Being Comfortable With the Uncomfortable

Invisible illness is a term those affected use to explain that while we may look “put together” on the outside, inside we are falling apart. In my case, I am literally falling apart. I have Ehlers-Danlos syndrome hypermobility type. I used to be able to go out in public and blend in with the crowds around me. No one could tell that my legs felt like lead from walking, or my swollen chest was making it hard to breathe. Until now. Now when I go out I am followed by a giant billboard that screams, “Hey look at me, I’m disabled!” That billboard is my service dog Rembrandt.

We have only been working together for five months, but already I have gotten used to the litany of questions and remarks I get from people while we are out. They usually are about his age, his breed (he’s a standard poodle), his height, what type of working dog he is, how cute he is, all of which are quick and easy to answer. Though lately I have been noticing a trend. An individual will see me working with him, asking for commands and rewarding with treats, and they will ask “Are you training him?”

I reply “No, he’s mine,” with a smile. Then it happens. Their face will change, eyes widen with shock and their expression softens to one of sympathy. That’s it. The conversation is over. The individual will then turn and walk away without any further questions or comments. I can understand a person not wanting to seem rude or intrusive (and I have no problem telling someone if they are) but is encountering a disabled person that uncomfortable?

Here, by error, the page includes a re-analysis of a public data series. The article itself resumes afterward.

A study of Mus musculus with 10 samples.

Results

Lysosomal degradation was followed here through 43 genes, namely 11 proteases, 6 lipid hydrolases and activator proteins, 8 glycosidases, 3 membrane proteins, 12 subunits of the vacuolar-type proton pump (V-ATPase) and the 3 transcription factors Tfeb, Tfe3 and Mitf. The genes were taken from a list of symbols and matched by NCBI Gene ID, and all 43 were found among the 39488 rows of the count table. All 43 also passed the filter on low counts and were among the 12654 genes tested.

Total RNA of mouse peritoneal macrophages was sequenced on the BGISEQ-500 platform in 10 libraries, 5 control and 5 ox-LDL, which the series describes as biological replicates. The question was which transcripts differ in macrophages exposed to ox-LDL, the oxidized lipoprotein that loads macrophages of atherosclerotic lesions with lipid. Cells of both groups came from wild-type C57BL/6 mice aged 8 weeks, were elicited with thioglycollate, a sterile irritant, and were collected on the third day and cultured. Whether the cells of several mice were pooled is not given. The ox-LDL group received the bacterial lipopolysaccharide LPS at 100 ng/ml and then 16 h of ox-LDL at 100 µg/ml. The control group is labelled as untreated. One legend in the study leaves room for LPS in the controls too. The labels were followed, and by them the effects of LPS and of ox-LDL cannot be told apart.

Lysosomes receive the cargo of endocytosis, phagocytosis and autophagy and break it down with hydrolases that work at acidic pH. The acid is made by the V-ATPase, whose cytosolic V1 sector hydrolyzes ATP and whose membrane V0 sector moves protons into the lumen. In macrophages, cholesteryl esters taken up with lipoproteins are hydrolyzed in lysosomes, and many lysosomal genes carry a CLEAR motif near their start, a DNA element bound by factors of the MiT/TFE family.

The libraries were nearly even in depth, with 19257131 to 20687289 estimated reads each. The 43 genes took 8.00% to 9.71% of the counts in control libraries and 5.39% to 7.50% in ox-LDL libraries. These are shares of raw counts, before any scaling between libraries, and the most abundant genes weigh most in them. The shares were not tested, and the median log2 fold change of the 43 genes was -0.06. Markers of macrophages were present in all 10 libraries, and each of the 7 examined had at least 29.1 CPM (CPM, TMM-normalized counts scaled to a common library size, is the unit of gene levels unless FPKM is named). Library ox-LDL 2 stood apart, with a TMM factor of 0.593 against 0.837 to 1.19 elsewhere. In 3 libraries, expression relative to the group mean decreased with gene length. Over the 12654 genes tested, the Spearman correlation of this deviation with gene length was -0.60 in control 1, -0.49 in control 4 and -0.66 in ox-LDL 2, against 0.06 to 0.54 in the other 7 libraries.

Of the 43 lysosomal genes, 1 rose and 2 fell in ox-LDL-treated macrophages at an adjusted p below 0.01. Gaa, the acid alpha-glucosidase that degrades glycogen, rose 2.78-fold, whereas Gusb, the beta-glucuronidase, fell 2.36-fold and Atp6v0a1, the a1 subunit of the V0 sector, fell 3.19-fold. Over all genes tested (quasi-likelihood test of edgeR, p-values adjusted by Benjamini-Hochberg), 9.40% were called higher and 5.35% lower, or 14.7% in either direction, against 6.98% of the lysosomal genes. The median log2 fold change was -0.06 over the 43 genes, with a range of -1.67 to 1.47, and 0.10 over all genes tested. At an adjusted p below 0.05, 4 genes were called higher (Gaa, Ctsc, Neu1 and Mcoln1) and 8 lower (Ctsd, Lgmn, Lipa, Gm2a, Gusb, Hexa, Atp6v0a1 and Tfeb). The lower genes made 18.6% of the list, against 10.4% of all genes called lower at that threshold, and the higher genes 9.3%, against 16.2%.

Being comfortable with the uncomfortable is something that people who are chronically ill understand well. We often don’t like dealing with doctors, medications, and the gamut of problems our bodies serve us every day, but we deal with it. We are comfortable with ourselves; why shouldn’t others be as well? What is so jarring about meeting someone with a disability that some people feel the need to turn and walk away? I may never know the answer. Having been on the receiving end of the phasing-out period that occurs when friends no longer want to have a disabled friend, I may not want to know. Now that is uncomfortable.

I can advocate for the invisibly ill until I lose my voice, but there will continue to be those who remain uncomfortable with the disabled community. Until then, Rembrandt and I will continue to walk along, answering simple questions and waiting to find someone willing to push past the stigma and have a conversation.